Calls for a veterinary training program at UNBC’s Prince George campus are picking up again.

According to a joint report from the BC Catllemen’s Association and several partners, the ratio of large animals to veterinarians in rural and northern BC is between eight and nine thousand animals per vet – roughly triple the rate seen in urban areas.

BC Cattlemen’s Association President, Brian Thomas told Vista Radio the crisis is now becoming an animal welfare issue.

“I mean, if you don’t have a large animal vet here in the vicinity to help you with these emergencies it’s not very good for the animals.”


Thomas added while having 40 provincially funded seats at the Western College of Veterinary Medicine in Saskatoon is nice, it doesn’t provide an immediate fix.

“It’s a long-term solution but we still have the same problem of the shortage of vets and stuff like that,”

Conversely, it’s only adding to the large appetite livestock operators have for a BC-based program, which they would like to see at UNBC’s PG campus.

“If we have a college centralized in Prince George – these students are closer to home and family and they would probably do better.”

Some of the partners related to the report were the Regional District’s Bulkley Nechako and Fraser Fort George.

To give you an idea as to how dire the situation is in our area, after-hours veterinary services in Prince George were eliminated last July in order to ease the burden on an already overworked group of dedicated professionals.

This included the Prince George Urgent Care Group, which consists of Hart Family Veterinary Clinic, Prince George Veterinary Hospital, Ospika Animal Hospital, Murdoch Veterinary Clinic, College Heights Veterinary Clinic, and Birchwood Veterinary Clinic will only be available for emergency care until 10 pm seven days per week.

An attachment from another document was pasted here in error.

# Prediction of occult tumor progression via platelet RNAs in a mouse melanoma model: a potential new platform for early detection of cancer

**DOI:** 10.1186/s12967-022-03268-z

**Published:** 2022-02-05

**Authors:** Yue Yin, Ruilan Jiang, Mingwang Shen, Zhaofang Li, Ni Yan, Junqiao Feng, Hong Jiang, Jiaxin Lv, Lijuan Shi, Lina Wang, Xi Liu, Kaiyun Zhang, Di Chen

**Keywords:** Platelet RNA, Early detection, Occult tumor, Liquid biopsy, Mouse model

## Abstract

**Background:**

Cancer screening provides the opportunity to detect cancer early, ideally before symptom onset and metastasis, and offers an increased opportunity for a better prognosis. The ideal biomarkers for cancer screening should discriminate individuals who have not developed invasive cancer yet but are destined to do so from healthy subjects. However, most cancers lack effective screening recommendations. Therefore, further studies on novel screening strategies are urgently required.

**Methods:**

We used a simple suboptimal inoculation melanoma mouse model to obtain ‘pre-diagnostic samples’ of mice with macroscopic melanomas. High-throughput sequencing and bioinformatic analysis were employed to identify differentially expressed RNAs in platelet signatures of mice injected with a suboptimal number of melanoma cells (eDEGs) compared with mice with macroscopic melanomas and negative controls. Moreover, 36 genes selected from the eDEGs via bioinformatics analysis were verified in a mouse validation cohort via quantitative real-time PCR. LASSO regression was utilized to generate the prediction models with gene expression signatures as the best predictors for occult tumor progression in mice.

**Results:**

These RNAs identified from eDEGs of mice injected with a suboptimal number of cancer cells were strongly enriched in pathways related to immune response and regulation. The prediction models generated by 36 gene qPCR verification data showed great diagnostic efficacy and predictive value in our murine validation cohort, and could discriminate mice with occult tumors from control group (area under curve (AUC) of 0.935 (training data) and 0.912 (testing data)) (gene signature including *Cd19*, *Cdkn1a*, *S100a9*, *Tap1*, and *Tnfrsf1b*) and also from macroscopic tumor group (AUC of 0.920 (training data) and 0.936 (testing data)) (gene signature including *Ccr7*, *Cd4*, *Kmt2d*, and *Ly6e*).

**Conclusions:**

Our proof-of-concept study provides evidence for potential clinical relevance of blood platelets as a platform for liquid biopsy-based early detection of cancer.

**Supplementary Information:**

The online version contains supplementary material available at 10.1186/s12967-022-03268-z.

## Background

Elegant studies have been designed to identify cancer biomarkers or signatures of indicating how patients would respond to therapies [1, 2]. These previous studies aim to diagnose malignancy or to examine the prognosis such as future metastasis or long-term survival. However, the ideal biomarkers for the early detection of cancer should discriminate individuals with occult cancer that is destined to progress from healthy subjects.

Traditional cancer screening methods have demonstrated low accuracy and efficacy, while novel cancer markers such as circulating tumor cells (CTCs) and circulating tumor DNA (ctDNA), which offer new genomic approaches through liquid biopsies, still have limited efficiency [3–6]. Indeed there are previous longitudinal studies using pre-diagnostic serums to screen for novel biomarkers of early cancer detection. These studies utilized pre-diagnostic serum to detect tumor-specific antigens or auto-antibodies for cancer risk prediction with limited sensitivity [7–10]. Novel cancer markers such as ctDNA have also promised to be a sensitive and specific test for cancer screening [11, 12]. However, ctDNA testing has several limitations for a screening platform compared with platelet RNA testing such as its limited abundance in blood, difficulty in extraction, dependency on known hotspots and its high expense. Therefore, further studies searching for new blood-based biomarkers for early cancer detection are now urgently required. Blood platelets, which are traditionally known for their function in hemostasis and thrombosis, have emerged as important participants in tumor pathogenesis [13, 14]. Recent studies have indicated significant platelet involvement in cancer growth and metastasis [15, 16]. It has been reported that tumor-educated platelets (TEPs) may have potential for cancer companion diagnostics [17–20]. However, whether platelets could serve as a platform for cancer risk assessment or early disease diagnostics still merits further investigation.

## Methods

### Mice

For pet owners who may encounter a life-threatening situation, the only after-hours option will be able to access the Vet Triage website where they can connect virtually with a technician or vet.

However, if further assistance is required, a lengthy trip to places like Vancouver, Kelowna, Calgary, or Edmonton may be needed in order to receive 24-hour emergency care.

Furthermore, the PG Humane Society noted in March now has a waiting list to accept surrendered animals. Last week, they announced plans to develop a new shelter and clinic during a city council meeting.

The economic impact generated by veterinarians in BC is 2.4 billion dollars.

In addition, BC’s livestock sector contributes about 1.5 billion dollars of gross domestic product to the economy each year.